Pursue a Side Project in 2009

My friend Josh Kaufman runs PersonalMBA.com, a great resource for those who want to improve their business knowledge via books. Today Josh issued a challenge to his readers to do a side project in 2009. I'm a huge fan of side projects (something you do alongside your full-time day job) and have a long article coming out soon on this topic. Here are Josh's guidelines:

  1. Treat it like an experiment. The best reason to take on a side project is that you’re curious about a certain topic and you want to learn more about it. There’s no need to freak out over “committing” to something – you’re being an adventurous explorer here, not committing yourself to years of drudgery. [BC: And it doesn't have to have anything to do with work. Take a risk and try something new on the side!]
  2. Make it positive. A project is some achievement you want to move towards, not something you want to move away from. Avoid phrasings like “I’m going to stop doing ________________”; use words like “I’m going to accomplish / create / build / improve ________________.”
  3. Make it immediate. A project is something you’re working on now, not something you “plan to work on” at some indeterminate point in the future. Avoid phrasings like “in ________________ months” or “someday I’d like to”; use words like “by ________________ date” or “I’m devoting ________________ hours to this each day”.
  4. Make it concrete. A project has a tangible result in the real world. Avoid ambiguous phrasings like “improve” and “better”; use words like “I’ll have,” “I’ll achieve,” or “I’ll be able to ________________”. Tangibility is the key – it helps you envision what this project will look like when you’ve accomplished your goal.
  5. Make it specific. You should know when you’ve achieved what you set out to do. Avoid phrasings like “________________ will be better”; use words like “I’ll have accomplished ________________”. Include as much detail as possible – it should be absolutely clear when your side project is a success.

What side projects are you going to hatch in 2009?

6 Responses to Pursue a Side Project in 2009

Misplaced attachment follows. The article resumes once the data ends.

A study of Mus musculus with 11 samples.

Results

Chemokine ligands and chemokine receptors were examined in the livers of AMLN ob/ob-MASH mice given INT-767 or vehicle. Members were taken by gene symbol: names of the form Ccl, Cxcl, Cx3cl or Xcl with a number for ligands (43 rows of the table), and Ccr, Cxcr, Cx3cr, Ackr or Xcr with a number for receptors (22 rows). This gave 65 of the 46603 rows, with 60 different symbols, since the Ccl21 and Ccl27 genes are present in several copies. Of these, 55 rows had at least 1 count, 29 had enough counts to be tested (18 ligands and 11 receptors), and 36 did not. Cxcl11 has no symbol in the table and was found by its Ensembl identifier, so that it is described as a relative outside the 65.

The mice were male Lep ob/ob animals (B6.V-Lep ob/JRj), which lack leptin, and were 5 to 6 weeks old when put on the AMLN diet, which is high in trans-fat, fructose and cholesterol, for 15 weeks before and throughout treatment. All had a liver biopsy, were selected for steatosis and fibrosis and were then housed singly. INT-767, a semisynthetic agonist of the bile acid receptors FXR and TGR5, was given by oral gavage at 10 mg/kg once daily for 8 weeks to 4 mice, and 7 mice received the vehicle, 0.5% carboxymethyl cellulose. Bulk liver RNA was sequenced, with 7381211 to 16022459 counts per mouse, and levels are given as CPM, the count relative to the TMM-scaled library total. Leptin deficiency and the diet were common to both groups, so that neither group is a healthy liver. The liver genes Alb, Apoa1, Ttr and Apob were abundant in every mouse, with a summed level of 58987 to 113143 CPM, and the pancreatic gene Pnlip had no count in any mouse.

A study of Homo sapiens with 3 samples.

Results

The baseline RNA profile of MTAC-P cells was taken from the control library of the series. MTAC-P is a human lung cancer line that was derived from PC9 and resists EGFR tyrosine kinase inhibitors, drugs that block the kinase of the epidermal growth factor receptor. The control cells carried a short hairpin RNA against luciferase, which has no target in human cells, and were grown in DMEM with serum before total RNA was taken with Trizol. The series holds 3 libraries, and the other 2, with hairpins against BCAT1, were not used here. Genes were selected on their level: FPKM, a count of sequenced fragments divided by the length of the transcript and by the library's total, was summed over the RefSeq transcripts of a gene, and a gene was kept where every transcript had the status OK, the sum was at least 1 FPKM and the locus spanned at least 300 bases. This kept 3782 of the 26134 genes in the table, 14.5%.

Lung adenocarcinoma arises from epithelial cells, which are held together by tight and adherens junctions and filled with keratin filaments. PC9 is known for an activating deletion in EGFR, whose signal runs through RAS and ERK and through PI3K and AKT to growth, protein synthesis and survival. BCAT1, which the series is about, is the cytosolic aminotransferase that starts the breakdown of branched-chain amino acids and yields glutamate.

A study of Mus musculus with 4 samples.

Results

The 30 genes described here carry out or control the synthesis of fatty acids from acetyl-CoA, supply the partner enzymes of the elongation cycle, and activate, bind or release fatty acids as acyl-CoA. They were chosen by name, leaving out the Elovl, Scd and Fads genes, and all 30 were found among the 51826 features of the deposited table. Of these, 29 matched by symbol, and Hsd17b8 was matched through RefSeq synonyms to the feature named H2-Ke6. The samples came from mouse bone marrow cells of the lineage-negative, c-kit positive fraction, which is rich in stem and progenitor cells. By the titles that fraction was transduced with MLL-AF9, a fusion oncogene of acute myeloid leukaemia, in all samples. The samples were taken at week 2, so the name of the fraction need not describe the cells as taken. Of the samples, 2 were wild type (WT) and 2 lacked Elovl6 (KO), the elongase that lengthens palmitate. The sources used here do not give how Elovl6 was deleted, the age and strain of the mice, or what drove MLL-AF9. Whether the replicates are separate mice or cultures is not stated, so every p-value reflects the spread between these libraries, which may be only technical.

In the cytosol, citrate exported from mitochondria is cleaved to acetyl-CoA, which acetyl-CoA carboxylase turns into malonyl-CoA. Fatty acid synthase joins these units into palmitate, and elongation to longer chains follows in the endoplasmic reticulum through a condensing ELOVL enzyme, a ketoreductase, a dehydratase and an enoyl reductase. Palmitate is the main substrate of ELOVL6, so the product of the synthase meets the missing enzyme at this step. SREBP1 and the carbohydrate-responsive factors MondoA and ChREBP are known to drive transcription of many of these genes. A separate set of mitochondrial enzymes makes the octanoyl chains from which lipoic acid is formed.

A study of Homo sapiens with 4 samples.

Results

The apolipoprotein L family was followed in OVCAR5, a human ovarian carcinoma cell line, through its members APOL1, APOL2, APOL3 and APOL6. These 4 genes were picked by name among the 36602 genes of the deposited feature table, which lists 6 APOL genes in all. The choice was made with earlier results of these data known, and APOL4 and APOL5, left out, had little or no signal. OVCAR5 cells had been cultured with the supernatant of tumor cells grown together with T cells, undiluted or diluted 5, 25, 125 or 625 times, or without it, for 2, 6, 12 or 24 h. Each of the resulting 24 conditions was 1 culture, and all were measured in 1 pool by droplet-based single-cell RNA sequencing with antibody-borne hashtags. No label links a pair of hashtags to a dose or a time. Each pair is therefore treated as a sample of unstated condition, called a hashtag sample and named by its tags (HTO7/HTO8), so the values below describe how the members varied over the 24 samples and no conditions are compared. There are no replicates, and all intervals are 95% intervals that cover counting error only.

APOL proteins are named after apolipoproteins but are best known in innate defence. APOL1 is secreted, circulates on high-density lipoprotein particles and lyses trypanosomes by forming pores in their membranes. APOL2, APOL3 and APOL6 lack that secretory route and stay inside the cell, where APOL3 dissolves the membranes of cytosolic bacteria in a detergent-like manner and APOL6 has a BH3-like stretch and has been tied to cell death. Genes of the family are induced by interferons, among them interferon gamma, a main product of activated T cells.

1. I’m helping to start a countywide group to change some local laws that aren’t working. Stay tuned. I’ll have much more to say in the months to come.

  2. Alex says:

    I plan on learning how to put up and maintain a website (I just bought my domains last night), writing a business plan, researching where I wish to set up my future business, and starting a book outline! In short, I need to stop commenting on blogs and get back to work!

  3. Anne Good says:

    I’m lauching a blog that educates readers about responsible pet ownership and adoption.

  4. That’s quite timely as I have been evaluating and setting some side project goals for myself in 2009.

    #1: Create/Help grow an organization to evangelize the Electric Vehicles to the mass market

    #2: Get in shape via CrossFit, 3 days a week

  5. 6. Make sure you know when it’s dead, and time to move on.

  6. Dan Erwin says:

    Pursuing a side project always makes for “interesting people.” Keith Ferrazzo talks about the need to be “interesting” in Never Eat Alone–and he’s ringing the same gong. Peter Drucker was an expert in art–East Asian art as I remember. I’ve been working on building up my knowledge of American Revolutionary and constitutional history. And over the years I’ve indulged my interest in music by studying Bernstein, Brahms lieder, and Lerner and Lowe.

    A different knowledge base–non-business–not only makes for interesting people, but also enhances one’s ability to problem solve from a creative perspective.